Wednesday, February 17, 2010

Advocacy for every student, college-and-career-readiness for every student

The Missing Piece approach to parent engagement puts a high value on advocacy, setting this as the standard: "For each student, the school staff identifies and supports a parent or another adult who takes personal responsibility for understanding and speaking for each child’s learning needs."  It describes a school with that commitment as having features like these:
• School staff ensures every student has a parent and/or another adult who knows how to advocate, or speak up for them, regarding the student’s academic goals and individual needs.
• Most parents participate actively in student led conferences or other two-way communication about meeting their child’s individual learning needs.
• Parents report participating actively and effectively in required planning for individual learning, for example, Individual Education Plans, Individual Learning Plans, Gifted Student Plans, 504 Plans, and intervention strategies to ensure college readiness....
• School staff gives parents clear, complete information on the procedures for resolving concerns and filing complaints, and the council reviews summary data on those complaints to identify needed improvements.
• School staff ensures that parents and community members are well informed about how to become educational advocates, or how to access a trained educational advocate when needed.
• As students are identified by school staff as having disabilities or performing at the novice level, additional intentional steps are taken to ensure that parents have the option to use a trained advocate to assist them in speaking for their child’s needs.
I've spent a lot of time talking with frustrated advocates for individual children: they're pretty much my favorite kind of folks.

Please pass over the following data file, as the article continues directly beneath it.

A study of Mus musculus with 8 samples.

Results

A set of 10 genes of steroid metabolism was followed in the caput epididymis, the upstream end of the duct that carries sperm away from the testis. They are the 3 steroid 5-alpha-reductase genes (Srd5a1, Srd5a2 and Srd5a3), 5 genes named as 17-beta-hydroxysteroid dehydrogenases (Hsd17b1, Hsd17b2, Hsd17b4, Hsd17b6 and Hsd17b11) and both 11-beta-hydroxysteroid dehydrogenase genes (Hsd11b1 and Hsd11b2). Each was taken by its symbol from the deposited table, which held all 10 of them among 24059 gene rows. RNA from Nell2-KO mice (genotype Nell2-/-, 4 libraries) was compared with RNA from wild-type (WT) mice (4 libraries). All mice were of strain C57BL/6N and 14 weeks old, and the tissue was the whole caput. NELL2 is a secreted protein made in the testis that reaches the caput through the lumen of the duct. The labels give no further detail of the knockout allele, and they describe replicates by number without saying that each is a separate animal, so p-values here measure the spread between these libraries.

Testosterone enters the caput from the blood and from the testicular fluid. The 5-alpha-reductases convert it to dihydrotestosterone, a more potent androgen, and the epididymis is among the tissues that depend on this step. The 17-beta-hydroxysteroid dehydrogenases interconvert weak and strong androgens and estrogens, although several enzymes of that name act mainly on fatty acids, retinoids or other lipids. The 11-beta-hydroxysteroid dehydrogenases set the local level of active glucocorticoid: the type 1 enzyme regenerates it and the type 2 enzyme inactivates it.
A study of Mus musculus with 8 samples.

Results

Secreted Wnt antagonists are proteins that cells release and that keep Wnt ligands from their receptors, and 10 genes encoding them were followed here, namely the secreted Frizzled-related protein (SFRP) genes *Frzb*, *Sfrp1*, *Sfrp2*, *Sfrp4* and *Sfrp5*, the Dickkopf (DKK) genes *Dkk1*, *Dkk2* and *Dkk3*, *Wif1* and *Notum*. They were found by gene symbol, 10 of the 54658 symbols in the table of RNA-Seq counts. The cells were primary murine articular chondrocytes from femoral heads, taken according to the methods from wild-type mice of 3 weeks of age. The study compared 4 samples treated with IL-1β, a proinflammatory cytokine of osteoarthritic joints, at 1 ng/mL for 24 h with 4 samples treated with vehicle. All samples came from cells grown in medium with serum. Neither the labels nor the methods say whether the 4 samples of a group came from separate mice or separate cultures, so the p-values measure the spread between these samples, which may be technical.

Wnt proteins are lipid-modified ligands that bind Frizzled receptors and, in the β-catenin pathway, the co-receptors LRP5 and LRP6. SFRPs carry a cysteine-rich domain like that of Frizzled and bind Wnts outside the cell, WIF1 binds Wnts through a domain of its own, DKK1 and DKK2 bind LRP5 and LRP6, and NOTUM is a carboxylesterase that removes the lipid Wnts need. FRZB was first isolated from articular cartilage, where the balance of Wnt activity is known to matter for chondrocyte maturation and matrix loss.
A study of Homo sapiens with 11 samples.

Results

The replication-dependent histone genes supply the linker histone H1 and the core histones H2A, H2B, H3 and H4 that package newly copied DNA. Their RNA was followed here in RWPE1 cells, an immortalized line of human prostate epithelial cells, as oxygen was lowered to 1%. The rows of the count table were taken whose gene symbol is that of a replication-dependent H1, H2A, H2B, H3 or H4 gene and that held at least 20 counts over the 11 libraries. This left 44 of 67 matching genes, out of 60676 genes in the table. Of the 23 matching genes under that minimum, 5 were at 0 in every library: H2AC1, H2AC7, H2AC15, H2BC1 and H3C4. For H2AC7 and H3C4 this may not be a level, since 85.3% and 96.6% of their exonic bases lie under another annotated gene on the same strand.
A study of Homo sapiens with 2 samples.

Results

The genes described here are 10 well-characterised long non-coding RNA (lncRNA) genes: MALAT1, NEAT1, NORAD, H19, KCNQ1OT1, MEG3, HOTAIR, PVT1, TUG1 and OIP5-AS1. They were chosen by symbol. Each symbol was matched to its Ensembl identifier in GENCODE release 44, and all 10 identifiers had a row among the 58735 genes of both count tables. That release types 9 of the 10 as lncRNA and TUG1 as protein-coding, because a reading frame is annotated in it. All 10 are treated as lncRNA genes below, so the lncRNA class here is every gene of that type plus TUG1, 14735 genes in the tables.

What they want, over and over, is to get a clear commitment on what a child needs to learn and a clear commitment on the steps to make that happen and then (most importantly) follow-through on what goes down in the IEP or the notes from the meeting or the e-mail to spell out what's been discussed.

The new standards ought to make it easier for advocates to get to the specification of what a child will achieve.  They're shorter, clearer, better broken down into levels of work. Using them, it should be more possible to say students will reach the standards for the grade during the school year, or begin work with a collaborating teacher next week on the two that are proving difficult, or have summer support to get on top of any standards that aren't reached by year's end.

More importantly, the new standards are custom-made for a different model of teaching.  They're meant to allow every classroom to be designed around meeting the same standard for every student, but doing it by varying means and constant adjustments based on fresh information about individual progress. If that becomes the regular way of doing business, then advocates will have a much simpler job.  If the school day is already  organized around responding to individual needs, the advocates will only need to discuss which particular adjustments will be the best help for a particular student.

Earlier PrichBlog posts on parent engagement and the new standards are here, here, and here.

1 comment:

  1. This objective is the heart of the Missing Piece. Teachers sincerely do not want any of their students to fall through the cracks, but it does happen. Parents do get frustrated when they learn there is a problem and often it is too late. If all the other objectives are in place - relationships established, effective two way communication working, decision making continuous, the student will be well served. As Cindy Baumert, the CPAC co-chair and key backer for this objective said, "Too often we wait for a child to fail before taking action." Schools making sure there is a system in place that will know who the advocate is that will speak for the student will certainly alleviate the "waiting to fail" practice. Discussing the new standards as it relates to my child and/or the identified advocate is a great place for this partnership to begin.